With British summertime now in full bloom, some of nature’s most delicate and beautiful creations are bursting with colour and fragrance – you guessed it, flowers. And when the RHS Chelsea Flower Show unveiled their amazing ‘Feel Good Gardens’ late last month, it inspired our wonderful guest blogger Shirley to reflect on the creations designed to appeal to each of our five senses.
Written by Shirley Salzedo.
This year’s Chelsea Flower Show radiated with beauty from within its gardens, using soft, beautiful blooms juxtaposed with the strong, bold architectural design of each masterpiece – showing that the people responsible for making the gardens are just as important as the flowers themselves.
I loved listening to the Chris Evans music show on BBC Radio Two broadcast live from the Chelsea Flower Show in celebration of their ‘Feel Good Gardens’ – designed to commemorate BBC Radio Two’s fiftieth year of broadcast.
Each of the five gardens were designed to appeal to and enhance one of the five senses – the Chris Evans Taste Garden, the Jo Whiley Scent Garden, the Anneka Rice Colour Cutting Garden, the Jeremy Vine Texture Garden and the Zoe Ball Listening Garden. (If you are a regular listener of Radio Two like me you’ll notice that each garden was named after a different presenter!)
My favourite of all the gardens was the Taste Garden, who also received the seal of approval from Mary Berry, a Royal Horticultural Society Ambassador, who spent some time making cakes inspired by the gardens at the show.
I also loved the Scent Garden that seemed packed full of beautiful aromas, sure to ignite the senses. Seeing such beautiful works of art reminds me so much of my late father who always made beautiful gardens, which I appreciated so much. It was lovely to hear the National Youth Orchestra playing too – both my parents felt that flowers responded to music.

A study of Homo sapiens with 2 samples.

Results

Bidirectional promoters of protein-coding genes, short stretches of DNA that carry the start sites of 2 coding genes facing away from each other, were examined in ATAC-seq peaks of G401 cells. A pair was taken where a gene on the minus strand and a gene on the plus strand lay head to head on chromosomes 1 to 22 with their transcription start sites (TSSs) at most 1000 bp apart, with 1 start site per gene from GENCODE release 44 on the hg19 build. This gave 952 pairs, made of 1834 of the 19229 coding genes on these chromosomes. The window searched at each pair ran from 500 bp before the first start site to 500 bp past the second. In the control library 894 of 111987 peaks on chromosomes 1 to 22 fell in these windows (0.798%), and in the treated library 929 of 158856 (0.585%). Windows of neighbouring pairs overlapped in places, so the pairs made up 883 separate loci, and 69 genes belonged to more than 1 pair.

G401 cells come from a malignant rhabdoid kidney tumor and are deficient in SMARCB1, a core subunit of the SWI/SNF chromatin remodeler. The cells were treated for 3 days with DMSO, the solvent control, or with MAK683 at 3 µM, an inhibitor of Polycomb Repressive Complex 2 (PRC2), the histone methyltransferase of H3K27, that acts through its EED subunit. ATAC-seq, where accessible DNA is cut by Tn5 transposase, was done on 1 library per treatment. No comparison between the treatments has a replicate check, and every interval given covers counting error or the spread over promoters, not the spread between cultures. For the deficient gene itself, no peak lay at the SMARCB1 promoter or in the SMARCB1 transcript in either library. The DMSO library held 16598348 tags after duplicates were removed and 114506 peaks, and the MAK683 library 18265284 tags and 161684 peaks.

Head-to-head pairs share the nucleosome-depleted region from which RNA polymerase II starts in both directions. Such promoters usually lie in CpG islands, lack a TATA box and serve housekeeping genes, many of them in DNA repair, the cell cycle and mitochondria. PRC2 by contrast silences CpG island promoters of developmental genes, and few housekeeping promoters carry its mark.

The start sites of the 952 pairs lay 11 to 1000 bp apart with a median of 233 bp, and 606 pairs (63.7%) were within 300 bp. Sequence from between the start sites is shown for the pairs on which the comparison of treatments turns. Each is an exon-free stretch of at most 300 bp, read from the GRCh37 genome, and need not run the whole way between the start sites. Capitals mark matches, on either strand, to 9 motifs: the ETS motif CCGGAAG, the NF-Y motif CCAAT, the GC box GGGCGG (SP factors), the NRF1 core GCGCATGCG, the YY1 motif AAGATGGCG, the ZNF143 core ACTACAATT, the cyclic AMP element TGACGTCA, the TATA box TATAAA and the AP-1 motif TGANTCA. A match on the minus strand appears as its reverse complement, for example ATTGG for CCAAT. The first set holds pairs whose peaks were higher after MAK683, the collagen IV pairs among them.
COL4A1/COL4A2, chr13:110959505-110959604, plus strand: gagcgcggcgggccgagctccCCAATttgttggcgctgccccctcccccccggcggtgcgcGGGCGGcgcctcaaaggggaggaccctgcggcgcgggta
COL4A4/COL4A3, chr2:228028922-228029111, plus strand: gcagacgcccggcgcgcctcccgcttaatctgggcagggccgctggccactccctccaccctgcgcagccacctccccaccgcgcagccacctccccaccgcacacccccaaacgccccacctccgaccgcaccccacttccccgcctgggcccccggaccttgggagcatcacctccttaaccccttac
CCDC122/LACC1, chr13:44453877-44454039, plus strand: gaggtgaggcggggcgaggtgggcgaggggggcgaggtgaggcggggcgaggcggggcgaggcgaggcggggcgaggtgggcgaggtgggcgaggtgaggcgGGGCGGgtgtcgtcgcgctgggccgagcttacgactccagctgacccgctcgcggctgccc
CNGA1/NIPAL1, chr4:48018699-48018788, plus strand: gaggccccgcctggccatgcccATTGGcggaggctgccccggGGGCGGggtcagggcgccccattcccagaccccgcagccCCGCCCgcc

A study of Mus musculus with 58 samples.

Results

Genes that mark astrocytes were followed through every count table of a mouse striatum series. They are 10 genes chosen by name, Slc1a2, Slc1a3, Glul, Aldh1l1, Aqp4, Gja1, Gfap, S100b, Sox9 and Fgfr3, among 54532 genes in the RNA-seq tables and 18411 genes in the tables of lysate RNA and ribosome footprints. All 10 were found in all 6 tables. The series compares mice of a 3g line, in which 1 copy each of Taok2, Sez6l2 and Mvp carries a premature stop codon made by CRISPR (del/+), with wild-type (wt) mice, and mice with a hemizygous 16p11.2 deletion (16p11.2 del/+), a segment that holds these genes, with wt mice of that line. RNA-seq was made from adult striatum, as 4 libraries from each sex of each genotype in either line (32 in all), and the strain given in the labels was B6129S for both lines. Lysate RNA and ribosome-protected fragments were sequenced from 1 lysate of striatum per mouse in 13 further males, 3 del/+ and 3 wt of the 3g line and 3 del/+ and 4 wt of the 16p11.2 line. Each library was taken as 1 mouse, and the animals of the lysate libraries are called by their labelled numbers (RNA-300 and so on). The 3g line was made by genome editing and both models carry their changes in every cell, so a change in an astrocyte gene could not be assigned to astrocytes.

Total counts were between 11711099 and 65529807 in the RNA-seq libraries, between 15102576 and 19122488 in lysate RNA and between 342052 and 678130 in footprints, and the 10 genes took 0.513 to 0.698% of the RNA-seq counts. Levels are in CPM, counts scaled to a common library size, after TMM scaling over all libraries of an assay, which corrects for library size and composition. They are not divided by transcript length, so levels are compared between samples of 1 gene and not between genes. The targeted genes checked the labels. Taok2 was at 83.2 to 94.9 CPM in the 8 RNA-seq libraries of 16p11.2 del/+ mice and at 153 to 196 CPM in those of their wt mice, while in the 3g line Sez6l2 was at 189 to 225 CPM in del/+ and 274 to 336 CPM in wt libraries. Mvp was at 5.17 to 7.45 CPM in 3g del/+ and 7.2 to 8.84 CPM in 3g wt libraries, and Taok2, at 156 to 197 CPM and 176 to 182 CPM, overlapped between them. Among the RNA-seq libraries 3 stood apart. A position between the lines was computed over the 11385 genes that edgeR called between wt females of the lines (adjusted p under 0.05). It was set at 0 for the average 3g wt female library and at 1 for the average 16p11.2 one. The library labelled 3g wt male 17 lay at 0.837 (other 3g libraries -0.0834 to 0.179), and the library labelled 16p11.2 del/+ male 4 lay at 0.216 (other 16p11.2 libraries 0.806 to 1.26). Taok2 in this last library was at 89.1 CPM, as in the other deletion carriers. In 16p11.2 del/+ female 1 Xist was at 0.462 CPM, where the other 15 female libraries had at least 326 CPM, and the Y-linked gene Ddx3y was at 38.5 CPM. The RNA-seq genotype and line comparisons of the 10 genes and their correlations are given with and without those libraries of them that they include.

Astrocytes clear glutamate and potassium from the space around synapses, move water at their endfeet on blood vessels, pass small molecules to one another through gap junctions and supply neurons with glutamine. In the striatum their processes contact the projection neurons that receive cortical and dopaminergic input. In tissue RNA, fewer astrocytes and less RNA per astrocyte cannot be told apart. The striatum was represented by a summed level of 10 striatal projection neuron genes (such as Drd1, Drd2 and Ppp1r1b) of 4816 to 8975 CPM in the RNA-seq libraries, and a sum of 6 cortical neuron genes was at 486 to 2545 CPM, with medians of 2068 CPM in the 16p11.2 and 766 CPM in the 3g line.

The Listening Garden was perhaps the most intriguing of them all – we’ve all experienced feeling the vibration of music and different beats when they’re played through a speaker, right? Well that’s exactly what this garden did. While there was no audible noise, the garden was designed to recreate the sensation of feeling music as it goes right through your body – displaying visible water patterns in water features throughout the garden and through vibrations in the floor. Incredible!
I also admired the garden created by Maggie’s – a charity supporting people affected by Cancer, who showcased their garden for the first time at this year’s show. I felt that this garden had a real air of peace and tranquil beauty. The tunnel, flowers and water feature with a seated area really represented the idea of new life, growth and renewal. Having had Cancer myself in the past, this garden was of particular significance to me, proving that there is life after recovering from Cancer. The stillness and wonder of the growing flowers and plant life was truly memorable. The garden will now be transferred for the enjoyment of patients at Barts Hospital. Just to take time to sit and be in the company of others in such a beautiful garden is therapy in itself, I’m sure. I loved the thought that even beyond the Chelsea Flower Show the gardens and flowers will be used elsewhere for the therapeutic care of others. Nothing will go to waste.
The combination of water and flowers within the gardens was something truly special – I love water features and feel at peace when surrounded by the beauty of water and the sea. And as my late father who loved being surrounded by nature would say ‘we all need to dig the earth.’